The UK is lagging in the use of open source, even though it is now established as the best way to produce and consume software, said speakers at the Open Source Forum, sponsored by Red Hat and its partners, in London.
"The UK is crap," said Graham Taylor, director of industry body OpenForum Europe. "It is the laggard in Europe in the use of open source." He put the blame not on any religious conviction but on poor business decisions, which had led to vendor lock-in, particularly amongst public bodies.
"According to our research, up to 90 percent of public administrations have lost the ability to freely choose their next IT solution," he said, because they have committed to applications which are not supported on other operating systems, or have no way of moving their data to other applications. Three years ago, he said, an Office of Government Commerce study reached the same conclusion: a lot of government departments has signed up for an open-source project, only to leave when they found they were locked in.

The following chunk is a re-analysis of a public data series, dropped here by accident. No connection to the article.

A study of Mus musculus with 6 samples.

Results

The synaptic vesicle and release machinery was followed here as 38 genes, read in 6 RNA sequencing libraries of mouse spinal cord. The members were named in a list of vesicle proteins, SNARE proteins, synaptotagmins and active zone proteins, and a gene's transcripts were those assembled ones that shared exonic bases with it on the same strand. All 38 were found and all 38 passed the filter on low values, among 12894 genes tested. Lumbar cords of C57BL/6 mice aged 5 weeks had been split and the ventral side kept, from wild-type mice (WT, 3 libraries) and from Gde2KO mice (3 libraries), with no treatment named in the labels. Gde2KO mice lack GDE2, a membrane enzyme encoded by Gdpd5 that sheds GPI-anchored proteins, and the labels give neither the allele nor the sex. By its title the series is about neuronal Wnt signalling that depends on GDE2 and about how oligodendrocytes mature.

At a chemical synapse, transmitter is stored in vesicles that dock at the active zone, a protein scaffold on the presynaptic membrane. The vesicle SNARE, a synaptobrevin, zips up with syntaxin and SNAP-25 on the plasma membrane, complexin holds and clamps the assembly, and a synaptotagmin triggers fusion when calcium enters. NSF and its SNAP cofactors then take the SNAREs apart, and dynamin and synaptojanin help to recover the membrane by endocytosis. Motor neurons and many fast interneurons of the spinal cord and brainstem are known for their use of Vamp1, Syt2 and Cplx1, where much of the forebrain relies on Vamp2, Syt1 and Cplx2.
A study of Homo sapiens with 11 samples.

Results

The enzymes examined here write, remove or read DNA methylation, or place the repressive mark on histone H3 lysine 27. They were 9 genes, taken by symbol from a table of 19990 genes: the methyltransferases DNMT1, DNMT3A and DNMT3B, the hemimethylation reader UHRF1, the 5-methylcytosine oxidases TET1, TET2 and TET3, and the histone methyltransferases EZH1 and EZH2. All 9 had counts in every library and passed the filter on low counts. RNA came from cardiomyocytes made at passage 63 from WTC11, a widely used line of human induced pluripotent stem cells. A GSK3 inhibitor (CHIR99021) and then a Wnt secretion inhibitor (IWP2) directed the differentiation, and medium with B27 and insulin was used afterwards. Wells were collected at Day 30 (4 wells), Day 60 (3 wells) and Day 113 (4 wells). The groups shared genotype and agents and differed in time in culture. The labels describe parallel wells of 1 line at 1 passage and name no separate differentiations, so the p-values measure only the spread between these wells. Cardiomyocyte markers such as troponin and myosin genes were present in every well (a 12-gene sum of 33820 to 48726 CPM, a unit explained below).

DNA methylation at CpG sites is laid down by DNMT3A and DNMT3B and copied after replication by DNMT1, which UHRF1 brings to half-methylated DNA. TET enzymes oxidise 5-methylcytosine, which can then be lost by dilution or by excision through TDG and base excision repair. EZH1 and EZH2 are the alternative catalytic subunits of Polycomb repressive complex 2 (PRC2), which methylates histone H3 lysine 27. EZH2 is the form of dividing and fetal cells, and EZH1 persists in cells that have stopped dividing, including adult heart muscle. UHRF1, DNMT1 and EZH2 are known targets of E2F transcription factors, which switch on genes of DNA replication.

The UK government has failed to support open source both as a user and in policies to offer citizen access, Taylor said. He gave the example of the government initially offering the Government Gateway only to users of Microsoft's Internet Explorer. In this regard, however, the European Parliament may be considered equally at fault; a petition is underway on the Open Parliament site to persuade the European Parliament to open up access to MEPs to users of any browsers.
Despite the UK's poor record, however, open-source adoption is continuing to accelerate, Taylor said, quoting a Standish Group report that claimed proprietary vendors are losing £30bn a year to open source. "The open-source movement is no longer the anti-software-industry establishment. It is the software-industry establishment," said Taylor.
Delegates agreed with his upbeat assessment of open source and disappointment with the UK: "People are no longer afraid of open source; they see the [intellectual property] problems are no worse than those in proprietary software," said Gianugo Rabellino, chief executive of Sourcesense, an Italy-based systems integrator with a UK subsidiary. "But what is happening with open source in Britain?"